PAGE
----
Romanesco broccoli

From Math Images
Revision as of 10:57, 10 June 2011 by Kderosier (talk | contribs)
(diff) ← Older revision | Latest revision (diff) | Newer revision → (diff)
Jump to: navigation, search
Romanesco broccoli
Fractal Broccoli.jpg
Field: Fractals
Image Created By: Jon Sullivan
Website: Wikimedia Commons

Romanesco broccoli

Fractals appear in nature, and the Romanesco broccoli is a particularly obvious instance. Along with the fern, the surface of the Romanesco broccoli appears to arise from a fractal reiterated many times.

Basic Description

The Romanesco broccoli is a big spiral covered in the little spirals that are covered in even more little spirals, and so on until the plant cells cannot construct a spiral small enough. This is an example of a fractal in nature. Fractals are infinite series of numbers that repeat a pattern over and over again, just like the leaves on a fern or the spirals on this broccoli.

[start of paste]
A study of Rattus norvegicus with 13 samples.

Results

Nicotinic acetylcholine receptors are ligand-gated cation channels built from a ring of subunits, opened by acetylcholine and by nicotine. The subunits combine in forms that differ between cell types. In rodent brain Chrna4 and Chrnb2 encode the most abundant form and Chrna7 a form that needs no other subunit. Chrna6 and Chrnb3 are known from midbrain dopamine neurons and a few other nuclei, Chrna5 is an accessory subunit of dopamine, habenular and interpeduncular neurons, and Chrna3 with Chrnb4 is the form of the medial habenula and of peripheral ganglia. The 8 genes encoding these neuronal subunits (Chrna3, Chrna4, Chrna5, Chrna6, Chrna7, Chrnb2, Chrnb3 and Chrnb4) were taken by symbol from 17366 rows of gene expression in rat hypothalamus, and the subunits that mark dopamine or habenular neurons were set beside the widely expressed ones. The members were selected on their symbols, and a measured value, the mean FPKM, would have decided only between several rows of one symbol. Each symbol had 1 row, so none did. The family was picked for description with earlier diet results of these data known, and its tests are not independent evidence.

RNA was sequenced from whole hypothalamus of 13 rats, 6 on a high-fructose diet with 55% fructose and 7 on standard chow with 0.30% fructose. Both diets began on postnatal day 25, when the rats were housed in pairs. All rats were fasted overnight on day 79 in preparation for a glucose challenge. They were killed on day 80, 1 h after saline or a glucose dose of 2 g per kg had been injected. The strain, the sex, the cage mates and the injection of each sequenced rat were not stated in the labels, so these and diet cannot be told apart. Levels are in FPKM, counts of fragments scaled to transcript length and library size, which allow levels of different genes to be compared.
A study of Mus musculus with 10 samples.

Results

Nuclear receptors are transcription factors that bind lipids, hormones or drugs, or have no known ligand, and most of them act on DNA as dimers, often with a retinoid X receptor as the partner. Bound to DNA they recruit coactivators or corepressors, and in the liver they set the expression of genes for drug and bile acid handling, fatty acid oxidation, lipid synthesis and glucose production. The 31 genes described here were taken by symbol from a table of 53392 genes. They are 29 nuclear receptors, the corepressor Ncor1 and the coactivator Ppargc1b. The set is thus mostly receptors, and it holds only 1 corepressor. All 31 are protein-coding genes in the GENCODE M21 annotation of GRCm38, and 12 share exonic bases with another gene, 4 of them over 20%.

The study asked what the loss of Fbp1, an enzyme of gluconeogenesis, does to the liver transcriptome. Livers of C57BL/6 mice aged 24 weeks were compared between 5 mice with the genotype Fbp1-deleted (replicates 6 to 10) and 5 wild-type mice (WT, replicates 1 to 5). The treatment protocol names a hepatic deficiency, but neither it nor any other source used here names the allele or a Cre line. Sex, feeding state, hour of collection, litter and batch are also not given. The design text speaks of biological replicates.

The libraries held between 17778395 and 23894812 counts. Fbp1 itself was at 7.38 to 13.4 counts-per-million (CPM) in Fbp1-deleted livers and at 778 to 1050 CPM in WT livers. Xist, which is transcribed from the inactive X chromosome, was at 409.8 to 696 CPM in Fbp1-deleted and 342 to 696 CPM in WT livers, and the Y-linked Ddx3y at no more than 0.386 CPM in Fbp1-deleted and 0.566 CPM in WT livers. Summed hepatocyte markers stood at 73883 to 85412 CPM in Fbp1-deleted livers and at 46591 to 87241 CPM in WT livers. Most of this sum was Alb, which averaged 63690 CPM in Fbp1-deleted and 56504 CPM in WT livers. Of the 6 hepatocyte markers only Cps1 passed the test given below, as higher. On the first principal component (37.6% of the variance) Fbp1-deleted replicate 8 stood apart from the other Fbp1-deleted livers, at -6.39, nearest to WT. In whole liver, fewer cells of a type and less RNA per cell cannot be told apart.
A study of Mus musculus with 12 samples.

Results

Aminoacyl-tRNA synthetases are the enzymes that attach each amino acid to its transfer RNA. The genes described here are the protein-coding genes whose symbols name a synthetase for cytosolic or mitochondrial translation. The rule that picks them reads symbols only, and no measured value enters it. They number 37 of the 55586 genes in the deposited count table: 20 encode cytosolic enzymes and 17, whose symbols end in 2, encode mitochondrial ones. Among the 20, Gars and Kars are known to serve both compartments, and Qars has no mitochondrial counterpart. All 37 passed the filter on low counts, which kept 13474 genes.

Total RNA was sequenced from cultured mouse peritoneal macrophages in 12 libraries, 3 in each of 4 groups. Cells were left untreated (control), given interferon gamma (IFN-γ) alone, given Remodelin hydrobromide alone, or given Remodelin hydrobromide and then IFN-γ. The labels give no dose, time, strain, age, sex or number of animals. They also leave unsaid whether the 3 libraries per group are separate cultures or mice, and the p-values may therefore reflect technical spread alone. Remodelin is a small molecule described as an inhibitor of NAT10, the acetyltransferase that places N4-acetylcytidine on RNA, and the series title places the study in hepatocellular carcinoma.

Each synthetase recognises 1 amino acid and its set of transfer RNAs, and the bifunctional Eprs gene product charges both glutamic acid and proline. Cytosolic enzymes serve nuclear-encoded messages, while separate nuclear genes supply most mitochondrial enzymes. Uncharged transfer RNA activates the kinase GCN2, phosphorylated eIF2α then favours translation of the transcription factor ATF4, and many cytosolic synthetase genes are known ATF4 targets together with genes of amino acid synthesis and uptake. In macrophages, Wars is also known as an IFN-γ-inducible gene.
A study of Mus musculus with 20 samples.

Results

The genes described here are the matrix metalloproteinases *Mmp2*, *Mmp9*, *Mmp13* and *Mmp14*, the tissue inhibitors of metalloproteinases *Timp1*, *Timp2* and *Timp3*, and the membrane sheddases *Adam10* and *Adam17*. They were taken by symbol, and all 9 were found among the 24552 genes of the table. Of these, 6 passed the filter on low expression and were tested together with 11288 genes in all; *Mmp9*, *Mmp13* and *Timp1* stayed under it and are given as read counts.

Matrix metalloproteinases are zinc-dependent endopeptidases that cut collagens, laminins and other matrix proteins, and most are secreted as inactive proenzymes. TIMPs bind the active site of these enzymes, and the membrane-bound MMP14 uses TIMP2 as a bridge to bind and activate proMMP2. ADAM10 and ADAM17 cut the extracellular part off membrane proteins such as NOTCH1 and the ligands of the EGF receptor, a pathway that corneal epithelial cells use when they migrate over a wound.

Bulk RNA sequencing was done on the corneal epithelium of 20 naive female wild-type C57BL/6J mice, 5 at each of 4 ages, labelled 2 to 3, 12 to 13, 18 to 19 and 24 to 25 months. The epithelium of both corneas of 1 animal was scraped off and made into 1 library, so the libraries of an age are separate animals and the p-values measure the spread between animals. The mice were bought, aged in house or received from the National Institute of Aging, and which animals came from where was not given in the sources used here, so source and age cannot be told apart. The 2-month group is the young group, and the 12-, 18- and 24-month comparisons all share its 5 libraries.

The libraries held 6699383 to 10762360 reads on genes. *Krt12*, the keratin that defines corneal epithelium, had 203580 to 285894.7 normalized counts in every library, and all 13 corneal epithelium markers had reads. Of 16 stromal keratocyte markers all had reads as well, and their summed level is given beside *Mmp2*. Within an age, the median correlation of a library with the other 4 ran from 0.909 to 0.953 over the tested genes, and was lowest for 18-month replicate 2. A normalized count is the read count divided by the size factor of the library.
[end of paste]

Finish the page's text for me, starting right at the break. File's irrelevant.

A More Mathematical Explanation

Note: understanding of this explanation requires: *Basic single variable calculus

The structure of the Romanesco broccoli is based on a fractal. The "meristems" branching from the ma [...]

The structure of the Romanesco broccoli is based on a fractal. The "meristems" branching from the main bud form logarithmic spirals.

Teaching Materials

There are currently no teaching materials for this page. Add teaching materials.

About the Creator of this Image

Jon Sullivan is a photographer who gives his photographs to the public domain.

Related Links

Other Materials By Jon Sullivan

If you are able, please consider adding to or editing this page!

Have questions about the image or the explanations on this page?
Leave a message on the discussion page by clicking the 'discussion' tab at the top of this image page.